Labour participation, however, continues to be lower than it was a year ago. This had risen during October 2017 to 44.6 per cent but, it fell back to 43.7 per cent in November. Data for the first fortnight of December suggest that labour participation may fall further this December.
Lower labour participation rate implies lower employment. It follows that the total number of employed in November 2017 were lower than those employed in October 2017. And further, the number of employed in December could be even lower.
This could bring back the spectre of seasonality. How much of the fall in November was seasonal and how much was it lack of jobs?
The provisional estimates for November 2017 suggest that employment was 2.1 per cent higher in the month compared to the employment in the month of demonetisation, November 2016. This is subject to revisions scheduled to take place in January 2018.
Newspaper reports suggest that the government is seized of the problem of employment and is taking various steps to measure the problem and also mitigate it.
The Economic Times reported on December 15 that the Union Budget would reveal a National Jobs Policy. “The multi-pronged employment policy will include incentives for employers to create more jobs, reforms to attract enterprises and help for medium and small scale industries, which are major job providers.” The emphasis seems to be on quality jobs and jobs in the formal sector.
The quality of jobs is a critical part about the employment challenge. In the absence of social security, households accept any employment if no quality jobs are available. This leads to low wages and no severance pay. No other media has reported on such a National Jobs Policy. So, we need to wait to see if the Economic Times report has merit and if so what the contours of such policy would be.
On December 14, Business Standard reported that the union government has initiated a survey to count jobs under the Micro Units Development and Refinance Agency (Mudra) scheme. The survey is being conducted by Labour Bureau. The Mudra scheme offers unsecured loans of upto Rs.1 million to small enterprises with the objective of providing self-employment. In 2016-17, around 40 million loans were disbursed.
The Business Standard report seems to suggest that data for the survey would be provided by banks. Since the average size of the loans is as small as Rs.44,000 it is apparent that the only jobs that the scheme can create is for the recipient of the loan. Rs.44,000 is less than half the median household income of Indians.
The Labour Bureau has a track record of estimating employment and unemployment and it would be useful to see the details of this survey when they are released, particularly since the initial feeling regarding the scheme's ability to provide jobs is rather sceptical. Besides, it is apparent that Mudra cannot provide quality jobs with ticket size being capped at Rs.1 million.
While public discussions on jobs have increased, discussions on labour reforms have not been taken up with equal vigour. This has reduced the problem of jobs into a political slugfest. A National Jobs Policy minus the labour reforms discussed earlier would be incomplete. However, the stress on the jobs front also reduces the political space available to make policy decisions that could imply relative ease in hiring and firing labour. This could keep labour markets as inefficient as they are now.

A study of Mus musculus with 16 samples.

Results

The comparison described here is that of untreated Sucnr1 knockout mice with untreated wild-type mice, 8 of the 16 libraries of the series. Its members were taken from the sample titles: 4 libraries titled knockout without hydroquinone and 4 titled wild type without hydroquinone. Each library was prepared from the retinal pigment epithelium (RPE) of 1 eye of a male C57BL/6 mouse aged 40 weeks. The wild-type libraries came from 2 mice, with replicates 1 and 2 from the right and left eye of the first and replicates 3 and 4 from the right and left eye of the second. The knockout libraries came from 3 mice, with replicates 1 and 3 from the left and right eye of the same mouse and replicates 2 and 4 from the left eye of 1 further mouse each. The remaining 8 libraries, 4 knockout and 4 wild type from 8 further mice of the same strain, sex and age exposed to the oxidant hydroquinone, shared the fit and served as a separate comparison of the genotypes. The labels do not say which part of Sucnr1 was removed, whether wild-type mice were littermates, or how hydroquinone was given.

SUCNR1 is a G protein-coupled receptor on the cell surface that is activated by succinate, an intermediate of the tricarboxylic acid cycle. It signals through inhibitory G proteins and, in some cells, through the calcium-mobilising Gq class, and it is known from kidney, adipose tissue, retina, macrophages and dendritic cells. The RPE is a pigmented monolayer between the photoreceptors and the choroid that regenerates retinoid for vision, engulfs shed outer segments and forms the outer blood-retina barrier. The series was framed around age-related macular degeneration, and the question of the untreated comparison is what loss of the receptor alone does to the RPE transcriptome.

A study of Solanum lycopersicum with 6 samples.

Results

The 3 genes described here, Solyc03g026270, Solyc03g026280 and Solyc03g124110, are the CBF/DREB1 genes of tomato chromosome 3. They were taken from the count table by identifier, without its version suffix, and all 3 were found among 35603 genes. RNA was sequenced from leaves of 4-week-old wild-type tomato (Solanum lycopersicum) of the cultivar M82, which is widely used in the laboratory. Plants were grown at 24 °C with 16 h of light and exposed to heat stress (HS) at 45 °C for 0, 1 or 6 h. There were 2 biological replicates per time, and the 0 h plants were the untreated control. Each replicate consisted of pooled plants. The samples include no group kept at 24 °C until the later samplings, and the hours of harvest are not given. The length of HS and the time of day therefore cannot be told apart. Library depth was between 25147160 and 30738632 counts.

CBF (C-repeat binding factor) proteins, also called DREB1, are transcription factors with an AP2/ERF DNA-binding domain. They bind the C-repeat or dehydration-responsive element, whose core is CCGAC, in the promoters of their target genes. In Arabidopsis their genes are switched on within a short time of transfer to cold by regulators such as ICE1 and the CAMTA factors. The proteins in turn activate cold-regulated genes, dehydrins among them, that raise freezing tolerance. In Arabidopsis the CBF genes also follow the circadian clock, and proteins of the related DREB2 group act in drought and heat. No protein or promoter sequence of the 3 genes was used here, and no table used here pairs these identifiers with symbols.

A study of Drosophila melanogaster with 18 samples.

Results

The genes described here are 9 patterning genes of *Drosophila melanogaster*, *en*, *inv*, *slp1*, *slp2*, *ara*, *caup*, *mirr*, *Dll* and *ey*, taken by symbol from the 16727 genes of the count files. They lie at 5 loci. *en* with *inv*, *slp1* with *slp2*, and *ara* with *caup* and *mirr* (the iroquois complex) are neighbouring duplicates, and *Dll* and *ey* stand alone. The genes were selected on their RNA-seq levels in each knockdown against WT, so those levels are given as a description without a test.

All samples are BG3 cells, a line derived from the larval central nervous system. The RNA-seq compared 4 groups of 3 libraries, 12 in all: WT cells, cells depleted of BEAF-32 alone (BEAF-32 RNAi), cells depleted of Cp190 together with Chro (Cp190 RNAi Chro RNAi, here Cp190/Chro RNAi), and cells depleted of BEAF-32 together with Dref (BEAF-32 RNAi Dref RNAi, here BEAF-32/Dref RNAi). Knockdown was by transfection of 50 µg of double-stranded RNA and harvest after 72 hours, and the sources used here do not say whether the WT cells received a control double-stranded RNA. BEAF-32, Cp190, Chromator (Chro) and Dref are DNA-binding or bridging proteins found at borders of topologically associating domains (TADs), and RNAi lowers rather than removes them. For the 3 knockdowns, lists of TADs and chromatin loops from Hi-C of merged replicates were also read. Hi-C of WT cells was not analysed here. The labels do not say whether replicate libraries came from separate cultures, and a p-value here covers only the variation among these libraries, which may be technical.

The Business Standard reported on December 8 that the government has put on hold proposals to introduce policy changes that could have allowed factories with upto 300 workers to lay off labour or shut operations without government permission. Currently, only factories with upto 100 workers have such leeway.
Sticky labour laws and difficult business environment have led to employers shifting their new hiring in favour of contract labour where social security is much lesser. We need to raise quality jobs, the social security offered and at the same time we need to improve labour laws to ensure that markets allocate labour efficiently.
Consumer sentiment indices and unemployment rate are generated from CMIE's Consumer Pyramids survey machinery. The weekly estimates are based on a sample size of about 6,500 households and about 17,000 individuals who are more than 14 years of age. The sample changes every week but repeats after 16 weeks with a scheduled replenishment and enhancement every year. The overall sample size run over a wave of 16 weeks is 158,624 households. The sample design is of multi-stratrification to select primary sampling units and simple random selection of the ultimate sampling units, which are the households.
The Consumer Sentiment index is based on responses to five questions on the lines of the Surveys of Consumers conducted by University of Michigan in the US. The five questions seek a household's views on its well-being compared to a year earlier, its expectation of its well-being a year later, its view regarding the economic conditions in the coming one year, its view regarding the general trend of the economy over the next five years, and finally its view whether this is a good time to buy consumer durables.
The unemployment rate is computed on a current daily basis. A person is considered unemployed if she states that she is unemployed, is willing to work and is actively looking for a job. Labour force is the sum of all unemployed and employed persons above the age of 14 years. The unemployment rate is the ratio of the unemployed to the total labour force.
All estimations are made using Thomas Lumley's R package, survey. For full details on methodology, please visit CMIE India Unemployment data and CMIE India Consumer Sentiment.
The creation of these indices and their public dissemination is supported by BSE. University of Michigan is a partner in the creation of the consumer sentiment indices.